Barclays boss Jess Staley is facing a regulatory fine for trying to uncover the identity of an anonymous whistleblower.
The Financial Conduct Authority (FCA) and Prudential Regulation Authority (PRA) have decided to take enforcement action after concluding a year-long investigation into the matter.
In a joint statement the FCA and PRA said they had recently issued confidential draft warning notices setting out their reasons for proposing enforcement actions.
The watchdogs allege that Staley's (pictured) actions represented a breach of Individual Conduct Rule 2, which require people to act with due skill, care and diligence. Each regulator has proposed that he pay a financial penalty.
'The FCA and PRA are not alleging that he [Staley] acted with a lack of integrity or that he lacks fitness and propriety to continue to perform his role as group chief executive officer,' the statement read.
Staley has a period during which he may review the decision before a final outcome is reached.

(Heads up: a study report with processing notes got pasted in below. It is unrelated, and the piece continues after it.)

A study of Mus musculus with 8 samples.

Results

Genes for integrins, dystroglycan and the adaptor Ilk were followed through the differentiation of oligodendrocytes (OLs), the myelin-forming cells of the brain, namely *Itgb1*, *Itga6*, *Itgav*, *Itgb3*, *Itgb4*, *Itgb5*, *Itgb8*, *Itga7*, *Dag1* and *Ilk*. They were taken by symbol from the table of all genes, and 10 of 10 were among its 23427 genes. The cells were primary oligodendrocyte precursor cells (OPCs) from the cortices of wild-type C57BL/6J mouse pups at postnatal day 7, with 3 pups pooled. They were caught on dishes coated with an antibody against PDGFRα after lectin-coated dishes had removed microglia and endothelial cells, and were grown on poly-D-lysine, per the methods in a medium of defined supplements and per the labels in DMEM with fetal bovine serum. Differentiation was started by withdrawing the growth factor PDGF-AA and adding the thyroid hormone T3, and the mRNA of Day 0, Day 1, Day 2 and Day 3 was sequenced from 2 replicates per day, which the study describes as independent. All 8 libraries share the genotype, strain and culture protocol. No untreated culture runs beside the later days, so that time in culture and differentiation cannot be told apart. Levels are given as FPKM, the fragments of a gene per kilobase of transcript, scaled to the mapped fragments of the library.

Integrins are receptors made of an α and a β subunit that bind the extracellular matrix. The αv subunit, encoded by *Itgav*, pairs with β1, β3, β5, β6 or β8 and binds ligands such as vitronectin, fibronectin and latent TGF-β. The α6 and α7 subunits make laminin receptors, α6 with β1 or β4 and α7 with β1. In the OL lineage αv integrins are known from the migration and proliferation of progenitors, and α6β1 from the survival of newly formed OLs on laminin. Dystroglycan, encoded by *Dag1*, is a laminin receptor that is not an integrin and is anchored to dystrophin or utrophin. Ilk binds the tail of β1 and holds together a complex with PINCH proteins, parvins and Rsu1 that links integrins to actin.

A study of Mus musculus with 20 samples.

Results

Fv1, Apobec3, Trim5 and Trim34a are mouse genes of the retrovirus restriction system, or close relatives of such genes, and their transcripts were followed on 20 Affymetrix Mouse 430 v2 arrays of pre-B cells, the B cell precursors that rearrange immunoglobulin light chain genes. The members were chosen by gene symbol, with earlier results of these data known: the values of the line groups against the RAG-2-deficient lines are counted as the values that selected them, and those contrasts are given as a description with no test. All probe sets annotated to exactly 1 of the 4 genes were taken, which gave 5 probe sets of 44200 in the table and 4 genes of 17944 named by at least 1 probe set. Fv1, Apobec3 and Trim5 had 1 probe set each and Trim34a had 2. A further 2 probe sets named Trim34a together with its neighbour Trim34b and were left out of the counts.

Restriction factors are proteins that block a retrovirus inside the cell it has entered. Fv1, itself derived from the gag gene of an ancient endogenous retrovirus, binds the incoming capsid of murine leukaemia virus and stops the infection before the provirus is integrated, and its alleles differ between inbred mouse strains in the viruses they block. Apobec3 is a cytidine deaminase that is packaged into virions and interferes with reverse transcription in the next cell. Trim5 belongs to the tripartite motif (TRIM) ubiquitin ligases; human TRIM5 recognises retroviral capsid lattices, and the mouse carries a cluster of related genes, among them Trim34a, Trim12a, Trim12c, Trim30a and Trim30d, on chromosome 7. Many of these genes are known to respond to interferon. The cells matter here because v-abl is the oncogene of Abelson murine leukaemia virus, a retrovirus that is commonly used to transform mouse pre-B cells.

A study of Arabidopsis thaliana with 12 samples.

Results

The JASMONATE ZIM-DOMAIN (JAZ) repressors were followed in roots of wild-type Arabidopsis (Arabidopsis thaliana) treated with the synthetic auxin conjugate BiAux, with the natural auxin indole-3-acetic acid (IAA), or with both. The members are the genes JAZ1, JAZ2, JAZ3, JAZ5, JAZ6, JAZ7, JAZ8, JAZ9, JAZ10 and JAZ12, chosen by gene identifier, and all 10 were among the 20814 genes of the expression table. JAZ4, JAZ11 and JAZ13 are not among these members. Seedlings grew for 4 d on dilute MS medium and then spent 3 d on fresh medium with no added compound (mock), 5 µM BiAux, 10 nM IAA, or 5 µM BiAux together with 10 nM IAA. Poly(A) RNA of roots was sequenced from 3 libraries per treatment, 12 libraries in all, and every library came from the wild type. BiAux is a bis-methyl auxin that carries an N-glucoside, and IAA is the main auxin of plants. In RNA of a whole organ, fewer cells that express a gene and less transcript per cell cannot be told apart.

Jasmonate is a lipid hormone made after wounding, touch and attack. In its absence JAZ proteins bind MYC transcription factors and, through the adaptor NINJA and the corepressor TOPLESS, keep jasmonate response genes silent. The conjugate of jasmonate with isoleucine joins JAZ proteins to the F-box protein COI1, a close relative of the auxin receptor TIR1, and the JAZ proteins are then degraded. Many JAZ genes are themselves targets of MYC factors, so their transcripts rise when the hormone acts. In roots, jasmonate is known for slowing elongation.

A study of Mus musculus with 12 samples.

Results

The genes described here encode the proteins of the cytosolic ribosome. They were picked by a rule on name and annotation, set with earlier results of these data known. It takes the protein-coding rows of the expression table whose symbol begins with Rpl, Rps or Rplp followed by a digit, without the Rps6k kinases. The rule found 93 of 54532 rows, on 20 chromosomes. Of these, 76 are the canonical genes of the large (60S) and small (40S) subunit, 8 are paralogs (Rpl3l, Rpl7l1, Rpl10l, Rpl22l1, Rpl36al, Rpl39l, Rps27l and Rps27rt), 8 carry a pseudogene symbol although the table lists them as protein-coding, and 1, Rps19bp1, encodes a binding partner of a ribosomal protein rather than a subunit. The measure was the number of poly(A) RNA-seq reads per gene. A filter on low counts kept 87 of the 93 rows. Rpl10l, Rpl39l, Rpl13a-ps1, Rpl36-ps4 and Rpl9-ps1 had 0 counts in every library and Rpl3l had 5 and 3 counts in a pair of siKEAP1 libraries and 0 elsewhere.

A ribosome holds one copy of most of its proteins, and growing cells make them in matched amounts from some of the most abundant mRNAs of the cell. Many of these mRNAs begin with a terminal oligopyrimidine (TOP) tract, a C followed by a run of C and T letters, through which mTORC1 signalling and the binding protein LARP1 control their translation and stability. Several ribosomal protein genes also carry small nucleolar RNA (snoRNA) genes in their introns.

While Barclays said it would determine what adjustments should be made to Staley's pay once the case includes, it indicated it continued have faith in its boss.
'The Barclays board continues to have unanimous confidence in Mr Staley and continues to recommend his re-election as a director at the Barclays annual general meeting on 1 May 2018,' it said.
The probe in Staley was launched last April after it emerged he had attempted to identify the author of a letter from a whistleblower that first came to the attention of the Barclays board in early 2017.
The board immediately instructed an external law firm, Simmons & Simmons, to conduct an investigation into the matter, led by Sir Gerry Grimstone, deputy chair and senior independent director, on behalf of the board.
The board also notified the FCA and PRA and other relevant authorities.
'I have apologised to the Barclays board, and accepted its conclusion that my personal actions in this matter were errors on my part. I will also accept whatever sanction it deems appropriate,' Staley said in a statement at the time.
After concluding its probe, the PRA and FCA decided to stop short of taking enforcement action against Barclays, but have proposed the bank provide reports on certain aspects of its whistleblowing programme.
In May 2017, Barclays voluntarily commissioned independent reviews of its whistleblowing policies, processes and controls, which resulted in certain enhancements being subsequently made.
The bank also continues to provide information to, and cooperate with, authorities in the US with respect to this matter.